Stratigraphy, microfacies, and petroleum potential of the Mauddud Formation (AlbianCenomanian) in the Arabian Gulf basin
1Department of Geology, University of United Arab Emirates, Al-Ain, United Arab Emirates; email: [email protected]
2Department of Geology, University of United Arab Emirates, Al-Ain, United Arab Emirates; email: [email protected]
F. N. Sadooni has been an associate professor and chairman of the Department of Geology, United Arab Emirates University since September 2001. He received a Ph.D. in petroleum geology from the University of Bristol, United Kingdom, in 1978. After working with Iraq National Oil as a senior exploration geologist for 13 years, Fadhil joined Yarmouk University, Jordan in 1991 and then worked as a consultant petroleum geologist in Auckland, New Zealand. In 1998, he joined the University of Qatar as assistant professor before moving to the United Arab Emirates University. His research interests include carbonate reservoir characterization and evaporites. He is a member of the AAPG.
A. S. Alsharhan is professor of geology and dean of the Faculty of Science at the United Arab Emirates University. He received a Ph.D. in petroleum geology from the University of South Carolina in 1985. He has authored and published over 80 scientific papers. He coauthored Sedimentary Basins and Petroleum Geology of the Middle East (1997) with A. E. Nairn and Hydrogoelogy of an Arid Region: Arabian Gulf and Adjacent Areas (2001) with Z. Rizk, A. E. Nairn, D. Bakhit, and S. Al-Hajari. He coedited Quaternary Deserts and Climate Change (1998) with K. W. Glennie, G. Whittle, and C. Kendall and Middle East Models of Jurassic/Cretaceous Carbonate Systems (2000) with R. W. Scott. His research interests include Holocene coastal sabkhas of the Arabian Gulf region and the geology and hydrocarbon habitats of the Middle East and north Africa. He is a member of the AAPG, SEPM, the International Association of Sedimentologists, and the Geological Society of London.
The authors are indebted to the Department of Geology at the University of Qatar and the University of the United Arab Emirates for providing the required technical assistance and to Christopher Kendall and A. E. M. Nairn, who reviewed the original manuscript and made many useful amendments. The paper benefited significantly from an extensive review by James Lee Wilson.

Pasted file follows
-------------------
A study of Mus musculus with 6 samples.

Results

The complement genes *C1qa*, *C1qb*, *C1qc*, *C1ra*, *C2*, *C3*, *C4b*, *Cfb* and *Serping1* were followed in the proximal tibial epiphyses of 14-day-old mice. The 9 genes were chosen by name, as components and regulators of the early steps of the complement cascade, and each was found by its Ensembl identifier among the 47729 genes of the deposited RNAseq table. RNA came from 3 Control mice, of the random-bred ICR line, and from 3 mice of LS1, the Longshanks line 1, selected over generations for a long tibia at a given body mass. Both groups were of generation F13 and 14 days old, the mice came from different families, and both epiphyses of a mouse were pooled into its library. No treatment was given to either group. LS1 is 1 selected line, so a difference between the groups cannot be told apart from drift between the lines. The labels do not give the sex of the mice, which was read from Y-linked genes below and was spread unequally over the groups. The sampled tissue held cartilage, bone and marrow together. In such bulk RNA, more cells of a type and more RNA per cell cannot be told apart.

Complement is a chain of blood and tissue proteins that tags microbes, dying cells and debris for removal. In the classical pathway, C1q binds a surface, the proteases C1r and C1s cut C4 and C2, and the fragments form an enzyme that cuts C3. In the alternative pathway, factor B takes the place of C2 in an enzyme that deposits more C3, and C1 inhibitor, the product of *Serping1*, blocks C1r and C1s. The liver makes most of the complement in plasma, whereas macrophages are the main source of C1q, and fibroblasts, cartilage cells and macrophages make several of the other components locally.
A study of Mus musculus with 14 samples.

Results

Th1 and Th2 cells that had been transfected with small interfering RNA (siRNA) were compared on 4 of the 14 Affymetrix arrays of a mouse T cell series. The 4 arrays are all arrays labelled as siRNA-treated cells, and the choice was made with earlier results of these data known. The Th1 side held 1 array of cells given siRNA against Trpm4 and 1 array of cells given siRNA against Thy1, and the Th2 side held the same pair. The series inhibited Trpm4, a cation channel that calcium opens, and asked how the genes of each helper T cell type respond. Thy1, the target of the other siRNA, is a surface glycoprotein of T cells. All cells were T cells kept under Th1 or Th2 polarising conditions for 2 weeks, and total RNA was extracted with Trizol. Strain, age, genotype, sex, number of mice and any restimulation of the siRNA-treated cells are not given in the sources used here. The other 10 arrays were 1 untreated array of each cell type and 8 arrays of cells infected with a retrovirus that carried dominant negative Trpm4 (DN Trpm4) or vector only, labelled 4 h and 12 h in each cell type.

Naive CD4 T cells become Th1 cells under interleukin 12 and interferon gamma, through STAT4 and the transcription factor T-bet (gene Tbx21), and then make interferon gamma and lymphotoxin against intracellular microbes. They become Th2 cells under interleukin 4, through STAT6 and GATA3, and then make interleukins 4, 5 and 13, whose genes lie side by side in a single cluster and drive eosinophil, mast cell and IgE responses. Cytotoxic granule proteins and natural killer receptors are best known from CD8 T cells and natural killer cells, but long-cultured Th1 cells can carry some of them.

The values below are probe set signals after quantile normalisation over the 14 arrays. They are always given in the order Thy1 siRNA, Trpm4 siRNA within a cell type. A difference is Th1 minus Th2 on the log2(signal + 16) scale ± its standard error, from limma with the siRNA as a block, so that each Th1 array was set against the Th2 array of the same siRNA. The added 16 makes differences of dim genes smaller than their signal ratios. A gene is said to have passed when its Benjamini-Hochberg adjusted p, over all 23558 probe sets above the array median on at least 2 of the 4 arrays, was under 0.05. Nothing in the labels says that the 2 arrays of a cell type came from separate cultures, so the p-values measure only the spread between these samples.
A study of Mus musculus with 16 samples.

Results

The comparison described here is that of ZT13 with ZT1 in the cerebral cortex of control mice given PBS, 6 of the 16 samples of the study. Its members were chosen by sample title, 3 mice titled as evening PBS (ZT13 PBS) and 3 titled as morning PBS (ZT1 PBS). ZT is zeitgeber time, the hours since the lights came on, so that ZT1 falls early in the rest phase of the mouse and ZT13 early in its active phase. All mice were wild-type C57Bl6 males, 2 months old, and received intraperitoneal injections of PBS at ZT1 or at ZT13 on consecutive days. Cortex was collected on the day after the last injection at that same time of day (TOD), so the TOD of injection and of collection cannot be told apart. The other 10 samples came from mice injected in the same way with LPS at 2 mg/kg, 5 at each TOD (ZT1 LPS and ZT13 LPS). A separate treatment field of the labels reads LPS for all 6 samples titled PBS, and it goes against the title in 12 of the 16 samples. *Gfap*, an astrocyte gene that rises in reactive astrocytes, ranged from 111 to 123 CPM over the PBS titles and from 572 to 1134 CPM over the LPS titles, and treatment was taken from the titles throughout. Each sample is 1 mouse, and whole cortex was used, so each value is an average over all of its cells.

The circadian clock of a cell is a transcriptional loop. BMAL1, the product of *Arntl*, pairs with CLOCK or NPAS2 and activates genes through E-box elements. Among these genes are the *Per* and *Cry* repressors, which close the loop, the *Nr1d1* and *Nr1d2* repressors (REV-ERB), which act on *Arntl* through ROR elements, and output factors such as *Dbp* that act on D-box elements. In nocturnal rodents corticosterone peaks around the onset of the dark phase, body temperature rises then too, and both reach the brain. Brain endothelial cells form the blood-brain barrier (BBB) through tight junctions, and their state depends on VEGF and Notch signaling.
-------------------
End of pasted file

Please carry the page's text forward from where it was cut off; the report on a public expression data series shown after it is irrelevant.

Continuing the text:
The Albian–Cenomanian Mauddud Formation extends over most parts of the Arabian basin including north Iraq. The formation consists mainly of Orbitolina-bearing limestone with local basin margin rudist buildups in the offshore North field of Qatar and northeast Iraq. Extensive dolomitization, with wide variations in both extent and texture, has been reported from both outcrops and wells. The Jurassic–Cretaceous pelagic strata are probably the possible source for the Mauddud Formation oil in northern Iraq, whereas indigenous sources in the Mauddud strata and Nahr Umr shales, as well as the Upper Jurassic rocks, are probably the source rocks in the southern parts in the basin. Porosity of 10–35% and permeability of 10–110 md have been reported from different fields of the basin. This porosity is attributed to a combination of dolomitization, fracturing, and dissolution. There are two main oil provinces where the Mauddud Formation is a major oil-producing reservoir. The northern province includes Iraq's oil fields such as Ain Zalah, Bai Hassan, and Jambur. The southern province includes the Ratawi field in southern Iraq, Raudhatain, Sabriya, and Bahra fields in Kuwait, Bahrain (Awali) field in Bahrain, and Fahud and Natih fields in Oman. The formation has high oil potential in the southern and southeastern fields of Iraq and the offshore areas of Qatar and Saudi Arabia.